Shortfall seen in renewable fuel technology production

Production of wind turbine equipment and the electrolysers that convert electricity into hydrogen is lower than needed to meet net-zero targets by 2050, says the International Energy Agency.

The International Energy Agency (IEA) has identified significant gaps in the production capacity for wind energy and electrolyser equipment, both critical for the scaling up of renewable e-fuels. In a report prepared for the G7 Leaders Summit in Hiroshima the agency noted that, unlike three other clean technologies investigated, announced projects for wind and electrolyser production currently fall well short of delivering the energy capacity needed by to meet IEA’s 2030 scenarios for net-zero emissions by 2050.


Electricity from wind turbines is one of the key feedstocks into renewable fuels, while electrolysers would use that electricity to produce green hydrogen, which can further be processed into green ammonia, methanol or e-diesel. As a result, production capacity of both wind and electrolyser technologies will have a direct impact on the availability of green fuels to the maritime market.


Manufacturing capacity for wind technology grew modestly in 2022, at around 2%. IEA noted that projected throughput from existing capacity and announced projects for wind technology would equate to just under 30% of the deployment levels needed to achieve the IEA’s Net Zero Emissions by 2050 (NZE) Scenario in 2030. However, lead times for constructing these facilities can be relatively short, around 1-3 years, “implying a more positive outlook than the gap initially suggests”.


Electrolyser manufacturing capacity grew from around 8GW in 2021 to 11GW in 2022, with announced projects to the end of Q1 2023 suggesting that nearly 125 GW of additional installed manufacturing capacity could be expected by 2030. That would achieve more than 60% of the levels needed in the NZE Scenario in 2030, but counting only committed projects, the figure drops to under 10%.

Announced project throughput and deployment for key clean energy
technologies in 2030 in the Net Zero Emissions by 2050 Scenario (source: IEA)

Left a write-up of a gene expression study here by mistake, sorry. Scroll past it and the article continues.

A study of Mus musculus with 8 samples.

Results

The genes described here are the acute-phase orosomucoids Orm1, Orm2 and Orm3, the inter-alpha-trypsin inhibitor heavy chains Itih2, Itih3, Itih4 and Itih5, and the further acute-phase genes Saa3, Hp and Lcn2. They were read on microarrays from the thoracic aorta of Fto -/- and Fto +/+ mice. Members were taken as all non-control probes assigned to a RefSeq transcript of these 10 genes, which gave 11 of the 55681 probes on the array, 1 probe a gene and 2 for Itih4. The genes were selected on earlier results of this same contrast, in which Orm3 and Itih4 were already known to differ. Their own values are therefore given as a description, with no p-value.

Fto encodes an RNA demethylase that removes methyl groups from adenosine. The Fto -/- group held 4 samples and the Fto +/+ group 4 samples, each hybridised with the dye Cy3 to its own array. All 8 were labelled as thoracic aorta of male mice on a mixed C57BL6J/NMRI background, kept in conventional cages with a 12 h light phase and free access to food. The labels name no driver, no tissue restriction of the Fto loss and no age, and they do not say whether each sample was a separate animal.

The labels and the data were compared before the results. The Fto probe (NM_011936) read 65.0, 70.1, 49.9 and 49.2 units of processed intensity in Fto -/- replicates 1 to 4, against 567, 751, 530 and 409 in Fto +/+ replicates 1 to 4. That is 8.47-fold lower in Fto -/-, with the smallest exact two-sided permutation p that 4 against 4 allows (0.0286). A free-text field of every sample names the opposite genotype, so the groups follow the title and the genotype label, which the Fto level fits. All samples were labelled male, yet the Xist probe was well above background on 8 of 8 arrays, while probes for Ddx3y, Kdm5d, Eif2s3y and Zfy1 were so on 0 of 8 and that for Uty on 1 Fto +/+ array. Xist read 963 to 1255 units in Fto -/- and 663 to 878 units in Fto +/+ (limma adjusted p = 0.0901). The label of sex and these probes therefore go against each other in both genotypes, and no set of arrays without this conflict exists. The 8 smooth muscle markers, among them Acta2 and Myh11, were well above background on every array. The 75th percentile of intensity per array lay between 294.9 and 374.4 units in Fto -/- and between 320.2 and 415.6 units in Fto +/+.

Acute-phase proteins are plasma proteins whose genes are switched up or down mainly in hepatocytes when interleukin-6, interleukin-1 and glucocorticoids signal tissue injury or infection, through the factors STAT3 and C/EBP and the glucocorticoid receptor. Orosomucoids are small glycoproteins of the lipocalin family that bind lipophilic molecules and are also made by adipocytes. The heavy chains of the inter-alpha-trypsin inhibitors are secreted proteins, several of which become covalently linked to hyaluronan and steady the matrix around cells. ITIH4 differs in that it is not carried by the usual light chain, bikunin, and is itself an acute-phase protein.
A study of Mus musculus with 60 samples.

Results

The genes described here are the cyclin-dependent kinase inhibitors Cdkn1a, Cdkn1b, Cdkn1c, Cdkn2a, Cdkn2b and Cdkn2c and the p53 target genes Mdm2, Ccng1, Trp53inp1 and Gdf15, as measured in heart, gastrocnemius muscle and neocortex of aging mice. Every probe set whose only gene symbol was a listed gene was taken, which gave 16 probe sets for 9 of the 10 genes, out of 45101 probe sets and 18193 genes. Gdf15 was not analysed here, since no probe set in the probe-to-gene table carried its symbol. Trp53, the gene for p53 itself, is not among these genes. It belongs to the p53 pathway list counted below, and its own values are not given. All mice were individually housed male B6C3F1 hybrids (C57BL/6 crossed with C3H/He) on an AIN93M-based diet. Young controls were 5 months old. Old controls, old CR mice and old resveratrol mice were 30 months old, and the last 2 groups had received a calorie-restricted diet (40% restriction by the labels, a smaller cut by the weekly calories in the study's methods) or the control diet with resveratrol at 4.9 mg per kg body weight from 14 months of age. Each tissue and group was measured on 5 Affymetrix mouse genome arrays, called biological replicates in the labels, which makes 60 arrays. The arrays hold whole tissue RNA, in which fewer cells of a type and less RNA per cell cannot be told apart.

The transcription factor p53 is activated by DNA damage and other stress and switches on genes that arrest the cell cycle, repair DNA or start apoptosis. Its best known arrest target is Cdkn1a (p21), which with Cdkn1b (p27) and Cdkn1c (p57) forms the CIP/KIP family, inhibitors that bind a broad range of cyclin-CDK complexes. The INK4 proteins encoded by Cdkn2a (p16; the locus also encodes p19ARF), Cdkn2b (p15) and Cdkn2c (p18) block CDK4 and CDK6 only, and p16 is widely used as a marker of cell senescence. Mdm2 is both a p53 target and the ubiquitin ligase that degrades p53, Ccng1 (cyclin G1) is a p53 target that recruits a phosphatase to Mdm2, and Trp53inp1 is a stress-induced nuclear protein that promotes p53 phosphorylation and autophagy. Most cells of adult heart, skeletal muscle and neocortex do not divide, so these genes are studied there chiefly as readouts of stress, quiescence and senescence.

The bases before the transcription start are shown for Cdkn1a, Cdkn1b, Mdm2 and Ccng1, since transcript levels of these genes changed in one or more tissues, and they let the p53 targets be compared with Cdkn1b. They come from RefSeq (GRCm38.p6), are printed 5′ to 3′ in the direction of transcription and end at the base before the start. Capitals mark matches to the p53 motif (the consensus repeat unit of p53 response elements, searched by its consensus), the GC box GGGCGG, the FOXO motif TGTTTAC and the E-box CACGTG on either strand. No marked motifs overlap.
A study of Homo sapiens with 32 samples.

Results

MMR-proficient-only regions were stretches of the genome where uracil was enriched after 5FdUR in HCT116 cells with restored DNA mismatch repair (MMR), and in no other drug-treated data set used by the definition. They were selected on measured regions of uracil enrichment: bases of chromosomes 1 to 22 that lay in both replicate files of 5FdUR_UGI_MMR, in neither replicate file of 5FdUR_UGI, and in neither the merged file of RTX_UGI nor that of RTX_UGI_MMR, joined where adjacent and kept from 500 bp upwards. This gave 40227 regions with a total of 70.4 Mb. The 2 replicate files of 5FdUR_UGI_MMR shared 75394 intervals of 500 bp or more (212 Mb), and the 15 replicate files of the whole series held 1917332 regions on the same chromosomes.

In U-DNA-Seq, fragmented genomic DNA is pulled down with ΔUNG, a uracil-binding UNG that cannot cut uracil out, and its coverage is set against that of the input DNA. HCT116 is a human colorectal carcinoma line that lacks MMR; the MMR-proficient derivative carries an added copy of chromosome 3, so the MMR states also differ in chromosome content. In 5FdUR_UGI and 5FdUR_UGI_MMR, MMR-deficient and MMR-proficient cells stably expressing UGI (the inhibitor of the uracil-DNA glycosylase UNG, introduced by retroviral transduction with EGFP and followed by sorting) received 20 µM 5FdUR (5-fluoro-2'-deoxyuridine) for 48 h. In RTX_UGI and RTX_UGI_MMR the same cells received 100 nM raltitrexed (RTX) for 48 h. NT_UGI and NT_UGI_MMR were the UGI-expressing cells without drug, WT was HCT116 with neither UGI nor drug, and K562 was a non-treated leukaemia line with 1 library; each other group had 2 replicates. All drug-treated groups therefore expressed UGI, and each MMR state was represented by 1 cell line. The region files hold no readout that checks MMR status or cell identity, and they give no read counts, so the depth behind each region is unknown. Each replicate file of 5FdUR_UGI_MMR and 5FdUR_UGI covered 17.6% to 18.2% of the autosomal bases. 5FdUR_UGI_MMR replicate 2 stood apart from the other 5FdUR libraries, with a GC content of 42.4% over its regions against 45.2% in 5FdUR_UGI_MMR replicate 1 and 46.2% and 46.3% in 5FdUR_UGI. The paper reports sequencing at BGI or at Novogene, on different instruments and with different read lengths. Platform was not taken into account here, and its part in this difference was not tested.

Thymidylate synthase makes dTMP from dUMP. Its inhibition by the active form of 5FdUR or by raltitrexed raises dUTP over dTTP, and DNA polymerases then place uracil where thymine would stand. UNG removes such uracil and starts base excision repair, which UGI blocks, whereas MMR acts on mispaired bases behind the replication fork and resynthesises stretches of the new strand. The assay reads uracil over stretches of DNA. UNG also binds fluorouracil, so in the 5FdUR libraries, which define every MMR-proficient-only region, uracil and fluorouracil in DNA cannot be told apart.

While the projections reveal potentially scarce electrolyser capacity, they also highlight the impact of scaling up on green fuel costs – if all planned projects were realised, costs for electrolysers could fall by more than 60% by 2030.


The outlook is more positive for batteries, which could also play a defining role in maritime decarbonisation on coastal and short-sea vessels and in reducing fuel consumption on larger vessels. Battery manufacturing throughput stood at 340 GWh in 2021 and reached 660 GWh in 2022, with around 90% of new battery projects destined for automotive applications. IEA’s assessment puts the total projected output from existing and announced projects at just below the levels required by 2030, around 5.9 TWh annually.


However there is still a need for supporting projects through to the final investment decision; if only committed projects materialise, there would be a 50% gap in capacity needed by 2030.


At the G7 summit, the leaders identified clean energy technology supply chains as a concern. The IEA report bears this out. Four countries and the European Union account for around 80-90% of global manufacturing capacity for the five clean technologies examined. China alone accounts for 40-80%, although it all announced projects were to be realised, these shares would shift to 70-95% and 30-80% respectively.


The report noted: “Major policy announcements of the past year are already starting to diversify supply chains, as evidenced by the scale-up in planned battery manufacturing capacity in the US following adoption of the Inflation Reduction Act.”